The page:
MANILA, PHILIPPINES - The Asian Development Bank (ADB) today signed trade finance agreements with Bank of Georgia and TBC Bank that are expected to bolster the trade sector and Georgia's role as a strategic hub between Europe and Asia.

The agreements, the first such agreements that ADB has signed in the central Asian country, are part of ADB's Trade Finance Program, which provides guarantees and loans through banks to support international trade in ADB's developing member countries.

Georgia sits at the crossroads between the vast markets of Europe and Asia and is well-placed to benefit from growing trade between the two regions as the global economy rebalances. However, it can only do that if there is an increase in scarce trade finance from Georgian and other banks to allow local companies to import goods they need and export other products.

"The trade finance agreements should help firms, including small- and medium-sized enterprises, to access key financing and do more business. In turn, that boosts employment, promotes economic growth, and enhances the country's international trade links," said Lakshmi Venkatachalam, ADB's Vice-President for Private Sector and Cofinancing Operations, who attended the signing ceremony.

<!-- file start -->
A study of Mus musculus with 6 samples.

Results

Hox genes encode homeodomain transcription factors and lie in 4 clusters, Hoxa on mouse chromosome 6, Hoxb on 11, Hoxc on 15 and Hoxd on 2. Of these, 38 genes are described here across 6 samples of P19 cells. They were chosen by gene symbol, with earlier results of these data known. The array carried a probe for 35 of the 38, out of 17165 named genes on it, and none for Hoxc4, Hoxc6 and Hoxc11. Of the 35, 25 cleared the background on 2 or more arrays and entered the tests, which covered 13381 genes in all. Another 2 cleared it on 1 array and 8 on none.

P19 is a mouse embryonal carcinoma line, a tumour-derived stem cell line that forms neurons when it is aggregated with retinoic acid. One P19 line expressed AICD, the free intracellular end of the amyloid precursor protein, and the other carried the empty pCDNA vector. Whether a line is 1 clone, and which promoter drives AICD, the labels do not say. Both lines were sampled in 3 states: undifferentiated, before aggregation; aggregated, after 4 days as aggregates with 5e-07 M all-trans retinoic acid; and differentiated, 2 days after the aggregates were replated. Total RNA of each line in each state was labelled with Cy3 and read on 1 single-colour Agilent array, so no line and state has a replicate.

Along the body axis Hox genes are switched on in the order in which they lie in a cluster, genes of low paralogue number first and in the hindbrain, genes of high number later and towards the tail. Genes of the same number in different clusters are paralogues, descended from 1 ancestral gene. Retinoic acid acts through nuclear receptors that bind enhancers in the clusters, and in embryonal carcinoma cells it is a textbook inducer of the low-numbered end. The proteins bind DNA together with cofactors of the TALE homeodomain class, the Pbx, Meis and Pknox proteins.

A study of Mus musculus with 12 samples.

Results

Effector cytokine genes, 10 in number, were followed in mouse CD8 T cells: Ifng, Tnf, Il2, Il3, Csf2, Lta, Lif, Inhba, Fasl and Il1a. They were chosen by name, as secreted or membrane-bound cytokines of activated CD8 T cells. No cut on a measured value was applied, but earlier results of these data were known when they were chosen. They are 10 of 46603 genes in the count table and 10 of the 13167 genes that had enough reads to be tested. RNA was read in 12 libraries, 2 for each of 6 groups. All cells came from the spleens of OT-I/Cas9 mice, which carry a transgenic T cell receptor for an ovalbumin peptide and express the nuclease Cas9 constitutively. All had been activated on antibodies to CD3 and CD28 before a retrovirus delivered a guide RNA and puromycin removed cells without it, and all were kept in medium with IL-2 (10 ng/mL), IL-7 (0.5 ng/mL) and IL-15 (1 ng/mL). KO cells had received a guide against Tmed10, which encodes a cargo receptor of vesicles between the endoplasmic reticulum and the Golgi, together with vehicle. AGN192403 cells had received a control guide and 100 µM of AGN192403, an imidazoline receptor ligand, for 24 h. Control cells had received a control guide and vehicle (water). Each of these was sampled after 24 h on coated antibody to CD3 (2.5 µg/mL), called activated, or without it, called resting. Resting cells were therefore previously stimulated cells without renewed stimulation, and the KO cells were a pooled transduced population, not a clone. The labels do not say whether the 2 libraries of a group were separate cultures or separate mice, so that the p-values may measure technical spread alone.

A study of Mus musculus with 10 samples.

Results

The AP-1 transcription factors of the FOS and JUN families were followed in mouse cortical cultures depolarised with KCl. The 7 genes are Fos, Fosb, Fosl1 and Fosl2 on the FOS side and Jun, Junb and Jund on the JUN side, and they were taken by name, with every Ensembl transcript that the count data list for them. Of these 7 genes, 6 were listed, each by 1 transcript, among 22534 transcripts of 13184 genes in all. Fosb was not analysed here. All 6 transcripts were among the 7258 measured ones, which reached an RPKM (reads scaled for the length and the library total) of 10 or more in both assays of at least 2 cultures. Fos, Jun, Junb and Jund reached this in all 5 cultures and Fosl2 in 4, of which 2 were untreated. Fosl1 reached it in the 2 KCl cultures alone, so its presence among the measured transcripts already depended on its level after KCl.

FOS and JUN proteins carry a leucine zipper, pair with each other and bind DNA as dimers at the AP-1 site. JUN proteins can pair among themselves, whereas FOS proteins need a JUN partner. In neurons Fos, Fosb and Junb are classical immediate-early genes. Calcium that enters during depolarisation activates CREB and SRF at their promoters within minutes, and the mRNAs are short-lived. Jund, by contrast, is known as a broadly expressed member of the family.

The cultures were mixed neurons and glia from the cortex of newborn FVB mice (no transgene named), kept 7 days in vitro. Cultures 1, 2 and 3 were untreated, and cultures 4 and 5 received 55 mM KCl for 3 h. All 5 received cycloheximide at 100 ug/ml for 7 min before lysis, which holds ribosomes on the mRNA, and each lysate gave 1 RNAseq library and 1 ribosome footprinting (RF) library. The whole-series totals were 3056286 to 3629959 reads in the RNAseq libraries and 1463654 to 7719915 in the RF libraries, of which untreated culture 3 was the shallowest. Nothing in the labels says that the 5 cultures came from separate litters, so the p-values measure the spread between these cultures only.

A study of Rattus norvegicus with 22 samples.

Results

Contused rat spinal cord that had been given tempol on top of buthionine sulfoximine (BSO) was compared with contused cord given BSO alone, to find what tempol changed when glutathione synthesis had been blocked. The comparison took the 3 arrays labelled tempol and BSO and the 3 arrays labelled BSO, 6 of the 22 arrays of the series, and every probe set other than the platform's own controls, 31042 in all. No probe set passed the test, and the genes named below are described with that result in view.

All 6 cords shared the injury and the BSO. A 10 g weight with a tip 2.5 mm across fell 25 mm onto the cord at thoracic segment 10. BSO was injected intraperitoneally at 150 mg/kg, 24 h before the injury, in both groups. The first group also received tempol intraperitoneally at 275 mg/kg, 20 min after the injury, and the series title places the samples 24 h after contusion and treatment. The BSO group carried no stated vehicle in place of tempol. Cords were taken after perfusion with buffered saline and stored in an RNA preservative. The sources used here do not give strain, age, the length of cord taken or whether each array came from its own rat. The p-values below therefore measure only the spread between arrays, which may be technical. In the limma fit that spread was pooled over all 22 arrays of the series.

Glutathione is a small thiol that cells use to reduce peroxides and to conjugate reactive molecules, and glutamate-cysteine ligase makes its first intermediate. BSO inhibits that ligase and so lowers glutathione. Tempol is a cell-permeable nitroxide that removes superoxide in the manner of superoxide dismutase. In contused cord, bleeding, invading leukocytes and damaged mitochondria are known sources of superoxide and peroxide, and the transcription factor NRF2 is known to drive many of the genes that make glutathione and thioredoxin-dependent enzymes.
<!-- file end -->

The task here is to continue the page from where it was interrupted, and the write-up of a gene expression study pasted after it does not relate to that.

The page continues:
In Georgia, small- and medium-sized enterprises employ less than 40% of the country's total workforce - less than in many other developing countries - partly due to their inability to access financing. That has hindered their expansion.

In 2010, ADB's Trade Finance Program supported trade transactions worth $2.8 billion, a 47% increase from $1.9 billion in 2009. Of the total 783 transactions, just over 270 involved smaller firms in the region. Since it started operations in 2004, it has supported $5.2 billion in trade. Half of the outstanding portfolio supports transactions between ADB developing member countries.

ADB, which has a triple A credit rating, will continue to expand the reach of the program in 2011 to support intraregional trade and economic integration. Over 200 banks are already part of the program, including institutions in Central Asia's Azerbaijan, Uzbekistan, and Tajikistan.